Once I was a clever boy learning the arts of Oxford... is a quotation from the verses written by Bishop Richard Fleming (c.1385-1431) for his tomb in Lincoln Cathedral. Fleming, the founder of Lincoln College in Oxford, is the subject of my research for a D. Phil., and, like me, a son of the West Riding. I have remarked in the past that I have a deeply meaningful on-going relationship with a dead fifteenth century bishop... it was Fleming who, in effect, enabled me to come to Oxford and to learn its arts, and for that I am immensely grateful.

Wednesday, 12 October 2011

Celebrating St Wilfrid

Today is the feast of St Wilfrid, one of the greatest figures in the history of the Anglo-Saxon church. Although originating in Northumbria his career and ministry took him to other parts of England, notably Sussex and the Isle of Wight, and in later years to Mercia, as well as his visits to the continent.

I posted about him last year and that can be read at St Wilfrid. There is an online biography here and the Oxford DNB life by Alan Thacker can be read here.

He is the patron of forty eight ancient churches, mainly in the the north and these are not infrequently associated with the medieval estates of the Archbishops of York - much more than St Paulinus, and with reasonable historical justification, he was seen as the establisher of the See.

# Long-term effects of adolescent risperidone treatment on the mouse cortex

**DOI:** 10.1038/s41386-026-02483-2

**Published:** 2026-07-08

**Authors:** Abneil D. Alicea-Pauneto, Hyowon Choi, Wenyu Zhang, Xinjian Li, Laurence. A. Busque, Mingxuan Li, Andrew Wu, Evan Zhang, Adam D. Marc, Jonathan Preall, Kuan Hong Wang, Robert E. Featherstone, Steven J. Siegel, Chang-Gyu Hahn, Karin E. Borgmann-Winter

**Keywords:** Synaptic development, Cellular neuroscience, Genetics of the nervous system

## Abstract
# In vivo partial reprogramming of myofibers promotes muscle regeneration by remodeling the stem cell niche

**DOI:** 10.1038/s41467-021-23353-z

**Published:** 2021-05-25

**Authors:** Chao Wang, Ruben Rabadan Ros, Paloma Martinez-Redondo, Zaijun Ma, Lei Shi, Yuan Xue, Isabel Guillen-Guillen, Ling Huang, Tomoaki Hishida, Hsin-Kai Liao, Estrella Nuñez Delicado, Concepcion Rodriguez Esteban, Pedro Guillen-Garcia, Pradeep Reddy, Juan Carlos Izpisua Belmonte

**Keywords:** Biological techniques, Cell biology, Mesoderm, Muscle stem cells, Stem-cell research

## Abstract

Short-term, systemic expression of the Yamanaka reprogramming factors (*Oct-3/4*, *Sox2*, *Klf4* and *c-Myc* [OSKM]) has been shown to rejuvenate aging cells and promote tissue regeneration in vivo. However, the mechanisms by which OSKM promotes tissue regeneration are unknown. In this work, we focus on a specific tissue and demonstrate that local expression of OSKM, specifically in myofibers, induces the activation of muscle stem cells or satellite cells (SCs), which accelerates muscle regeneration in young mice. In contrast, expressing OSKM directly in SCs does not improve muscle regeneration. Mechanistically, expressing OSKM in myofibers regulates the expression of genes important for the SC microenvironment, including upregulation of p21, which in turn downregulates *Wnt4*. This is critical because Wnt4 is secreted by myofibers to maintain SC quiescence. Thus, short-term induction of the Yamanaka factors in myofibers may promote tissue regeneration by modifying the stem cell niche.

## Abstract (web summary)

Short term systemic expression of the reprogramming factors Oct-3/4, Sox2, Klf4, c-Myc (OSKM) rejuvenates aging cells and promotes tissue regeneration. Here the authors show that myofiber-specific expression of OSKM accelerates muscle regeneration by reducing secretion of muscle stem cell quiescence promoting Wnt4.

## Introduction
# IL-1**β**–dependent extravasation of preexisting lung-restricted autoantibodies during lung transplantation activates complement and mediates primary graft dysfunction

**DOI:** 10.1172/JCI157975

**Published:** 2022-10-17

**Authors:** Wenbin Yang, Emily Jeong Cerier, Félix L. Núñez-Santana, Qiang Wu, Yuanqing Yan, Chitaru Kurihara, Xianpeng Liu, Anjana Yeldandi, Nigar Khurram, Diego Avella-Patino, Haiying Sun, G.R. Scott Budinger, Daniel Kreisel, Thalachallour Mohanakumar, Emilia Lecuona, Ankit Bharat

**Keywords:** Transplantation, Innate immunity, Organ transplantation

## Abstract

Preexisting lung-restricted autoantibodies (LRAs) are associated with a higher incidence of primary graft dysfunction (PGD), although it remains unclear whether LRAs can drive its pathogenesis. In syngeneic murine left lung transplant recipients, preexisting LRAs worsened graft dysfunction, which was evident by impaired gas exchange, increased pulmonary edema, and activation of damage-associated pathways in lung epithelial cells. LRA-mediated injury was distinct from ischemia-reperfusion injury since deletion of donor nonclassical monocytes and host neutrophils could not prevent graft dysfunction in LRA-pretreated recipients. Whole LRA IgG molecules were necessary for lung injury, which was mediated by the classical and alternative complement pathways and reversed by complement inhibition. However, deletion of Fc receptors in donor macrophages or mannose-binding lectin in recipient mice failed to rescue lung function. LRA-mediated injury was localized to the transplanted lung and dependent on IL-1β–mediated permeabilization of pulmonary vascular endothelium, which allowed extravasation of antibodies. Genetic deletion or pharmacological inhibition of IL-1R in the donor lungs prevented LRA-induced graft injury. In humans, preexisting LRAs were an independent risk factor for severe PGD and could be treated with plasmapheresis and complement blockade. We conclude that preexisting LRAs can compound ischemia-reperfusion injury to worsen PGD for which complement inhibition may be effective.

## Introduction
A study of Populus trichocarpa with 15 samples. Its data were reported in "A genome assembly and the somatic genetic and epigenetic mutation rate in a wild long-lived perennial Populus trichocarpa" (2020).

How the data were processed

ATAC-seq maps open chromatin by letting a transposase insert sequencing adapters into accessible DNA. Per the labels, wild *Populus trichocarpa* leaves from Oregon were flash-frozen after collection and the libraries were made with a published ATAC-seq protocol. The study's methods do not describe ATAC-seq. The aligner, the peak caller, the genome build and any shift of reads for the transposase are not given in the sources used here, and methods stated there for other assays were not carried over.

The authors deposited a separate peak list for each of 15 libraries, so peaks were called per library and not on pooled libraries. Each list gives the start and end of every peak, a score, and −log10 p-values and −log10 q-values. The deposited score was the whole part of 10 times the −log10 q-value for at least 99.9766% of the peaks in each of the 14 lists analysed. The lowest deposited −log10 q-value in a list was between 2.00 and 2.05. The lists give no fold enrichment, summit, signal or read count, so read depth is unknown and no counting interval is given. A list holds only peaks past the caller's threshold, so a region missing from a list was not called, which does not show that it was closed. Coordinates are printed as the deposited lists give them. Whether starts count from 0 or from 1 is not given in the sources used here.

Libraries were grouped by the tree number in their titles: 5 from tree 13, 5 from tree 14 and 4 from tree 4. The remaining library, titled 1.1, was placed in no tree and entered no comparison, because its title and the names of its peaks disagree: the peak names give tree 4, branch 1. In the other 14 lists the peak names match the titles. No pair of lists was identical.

Devotion to him has survived especially in Ripon and the public commemoration of his return from exile appears to have survived as a custom that was reinvigorated in the nineteenth and early twentieth centuries as can be read in this piece about this year's celebrations, held on July 31st. However I am rather inclined to think they do such religious pageants with more panache in Italian cities.

In Yorkshire he is also commemorated by two fine churches of a more recent date. St Wilfrid's York was opened in 1864 by Cardinal Wiseman and served until 1878 as the pro-cathedral of the Diocese of Beverley before it was partitioned into two. The church is close to York Minster, and the effect is perhaps not necessarily a happy one, with St Wilfrid's very French style making it all the more conspicuous. I do not know if this was at all intentional.


St Wilfrid's and York Minster


St Wilfrid's Harrogate from the south-east

Image: The Victorian Society website

In Harrogate is the great Anglo-Catholic church of St Wilfrid, the masterpiece of the architect Temple Moore. Begun in 1904 it was completed in 1935. Temple Moore worked mainly in the north - almost his only southern building is Pusey House in Oxford.

Fr Faber's devotion to St Wilfrid, and his taking of that name in religion, led to the creation of St Wilfrid's chapel at the London Oratory as well as St Wilfrid's Hall there.

On another tack altogether - what has happened to the Society of St Wilfird and St Hilda ( SWISH for short) that was launched as a reaction to the Ordinariate? I commented last year on the irony of St Wilfrid at least as patron - he was the most ardent Romaniser and loyal subject of the Papacy in his age.

May St Wilfrid continue to pray for his churches and the lands he evangelised and ministered to, and for the unity of the Church.